Recovering the Past

One of the many projects I’ve been working on lately is restoring data from a hard drive crash that took place years ago. In fact, it was so long ago I no longer remember when it occurred. Looking back over my files it seems to have been sometime in 1996 or early 1997. In any event nearly everything prior to that was lost. When we originally purchased our AST Pentium 90 we got a (HP) Colorado Jumbo 250 tape drive and used it occasionally for backup, though without rotating the tapes. This drive used QIC tapes (we sepcifically used 3M DC2120 120MB tapes) and connected via the floppy controller. Additionally, in Septempber of 1997 we had someone ele use their HP Travan T1000 drive to make a full system backup. After seeing these tapes sit on the shelf for so long I thought maybe I’d have a go at getting some of our old data off them.

Of course the actual AST P90 system was long gone, luckily I had saved the Jumbo 250 drive so I started by digging that out and attaching it to my current system. No go. Apparently the WinXp/2003 NTBackup client didn’t like the way the tapes were recorded. I dug an old Cyrix 200 system out of the basement to see if I could install on old copy of Windows and use that backup program to restore things. Again, it didn’t want to read the tapes. I never knew much about tape backup systems so I started doing some research. I quickyl discovered that tapes really only like to recover from the same software they were created with. Of course, I didn’t know what they had been made with and if I still had it. I scoured the internet and downloded just about every major piece of backup software I could. None of them wanted to give me anything more than the volume name on the tapes. I went on Ebay and found I could get a backwards compatible Seagate Travan drive to read the Travan tapes from September 1997 for about $9 with shipping. That was a no brainer. Of course once I got that drive I had the same problem trying to match the software.

Eventually I got found the software for the smaller Jumbo 250 tapes and got it to work with that drive. I was able to look at the tapes and discovered that the first tape in the set had been recorded over and so it no longer contained a valid catalog for the the other three tapes in that set. I did get a date of the last backup done on those, March 1997. Well, that’s no good. It means there’s pretty much no hope from recovering from the DC2120s. My understanding is that if the catalog file is gone (first tape) there’s pretty much no hope of getting anything off the others. I haven’t found a way to dump the tapes to file, which I would like to do because I might be able to get some ASCII text out of them somewhere…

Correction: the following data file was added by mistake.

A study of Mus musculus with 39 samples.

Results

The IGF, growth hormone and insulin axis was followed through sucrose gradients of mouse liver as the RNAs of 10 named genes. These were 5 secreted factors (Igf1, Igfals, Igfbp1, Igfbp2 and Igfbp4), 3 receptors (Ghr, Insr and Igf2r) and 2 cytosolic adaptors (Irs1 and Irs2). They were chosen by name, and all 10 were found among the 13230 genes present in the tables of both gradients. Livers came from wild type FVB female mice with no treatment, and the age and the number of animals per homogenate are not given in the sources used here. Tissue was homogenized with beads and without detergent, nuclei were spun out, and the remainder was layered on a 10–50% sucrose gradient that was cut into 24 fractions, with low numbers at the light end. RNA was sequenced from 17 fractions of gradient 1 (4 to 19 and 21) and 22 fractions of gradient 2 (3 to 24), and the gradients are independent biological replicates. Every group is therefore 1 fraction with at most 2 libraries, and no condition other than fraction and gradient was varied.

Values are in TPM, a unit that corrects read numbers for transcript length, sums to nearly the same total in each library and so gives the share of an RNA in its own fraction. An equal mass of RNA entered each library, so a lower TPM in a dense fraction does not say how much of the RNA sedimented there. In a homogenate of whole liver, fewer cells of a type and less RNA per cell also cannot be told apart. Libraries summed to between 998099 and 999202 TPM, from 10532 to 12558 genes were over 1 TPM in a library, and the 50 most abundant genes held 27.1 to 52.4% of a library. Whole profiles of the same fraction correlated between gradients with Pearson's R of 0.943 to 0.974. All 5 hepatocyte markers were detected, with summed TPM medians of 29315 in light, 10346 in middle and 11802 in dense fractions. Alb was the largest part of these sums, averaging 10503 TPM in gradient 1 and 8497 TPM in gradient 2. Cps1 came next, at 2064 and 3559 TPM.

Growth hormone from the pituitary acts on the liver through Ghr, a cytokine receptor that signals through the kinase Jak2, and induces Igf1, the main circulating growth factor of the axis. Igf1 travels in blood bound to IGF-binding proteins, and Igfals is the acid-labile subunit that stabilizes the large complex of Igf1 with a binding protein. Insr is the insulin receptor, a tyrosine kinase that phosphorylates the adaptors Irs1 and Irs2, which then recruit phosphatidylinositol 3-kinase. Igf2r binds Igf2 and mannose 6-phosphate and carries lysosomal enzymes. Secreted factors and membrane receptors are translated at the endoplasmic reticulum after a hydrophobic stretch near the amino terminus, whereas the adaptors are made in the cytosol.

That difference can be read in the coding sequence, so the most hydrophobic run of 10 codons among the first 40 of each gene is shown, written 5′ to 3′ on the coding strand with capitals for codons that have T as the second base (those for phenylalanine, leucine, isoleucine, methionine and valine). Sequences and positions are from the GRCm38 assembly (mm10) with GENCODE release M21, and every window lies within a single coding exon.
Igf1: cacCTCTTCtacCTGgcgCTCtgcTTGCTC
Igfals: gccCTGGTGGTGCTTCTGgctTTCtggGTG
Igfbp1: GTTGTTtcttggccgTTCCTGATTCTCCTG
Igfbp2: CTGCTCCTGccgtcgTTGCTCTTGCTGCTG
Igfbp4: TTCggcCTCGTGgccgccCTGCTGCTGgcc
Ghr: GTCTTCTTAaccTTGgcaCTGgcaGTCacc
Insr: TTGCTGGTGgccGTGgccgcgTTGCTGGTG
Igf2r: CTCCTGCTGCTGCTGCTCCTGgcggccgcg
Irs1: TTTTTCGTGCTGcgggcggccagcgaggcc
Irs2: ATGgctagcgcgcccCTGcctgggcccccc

Onto the Travan (TR1) tapes. It is my belief that these tapes were made with an HP T1000 and it’s included Colorado Backup software. I did get a copy of the software but it won’t work with the Seagate Travan drive I purchased on Ebay. MS Backup gives me the media name but won’t load the catalog. Unluckily, during one of the runs one of the two Travan tapes broke which means it’s useless unless I have it professionally recovered and I’m not willing to spend that much. Luckily, the two tapes were of seperate partitions and not part of a set so hopefully I can still get the data off the other tape. I went on Ebay and ordered a HP T1000 in hopes that I can use that to extract the data. That drive should get mailed out to me on Monday, here’s hoping this works!

SO what have I learned? Well, more than I probably ever wanted to know about backups. First, MS Backup is really just rebranded software from other companies. First it was made by Norton (Win 3.11/DOS6.22), then (HP) Colorado (Win 95), then Seagate, then Veritas and now Stomp!Softare. This in and of itself introduces compatibility problems if you have backups made with “MS Backup”! I also learned about using tape backups in *NIX (yeah, I tried that too) and how you really need the same drive and software it was created on to get the data back. I also found a few nifty sites about working with MS Backup files that I’m sharing with you.

This site has lots of information about the file formats used by MS Backup. It’s mostly focused on floppy backups, but the same information applies to tapes if you can get the tape to dump to file. There’s also some neat GPL software to assit in recovering data from MS Backup files.

This site is someone who’s trying to do a similar thing I am, get data off a bunch of old tapes they have around.


  1. Did you ever ave any luck recovering any of your stuff? I had no idea you were working so hard on this. What else are you up to?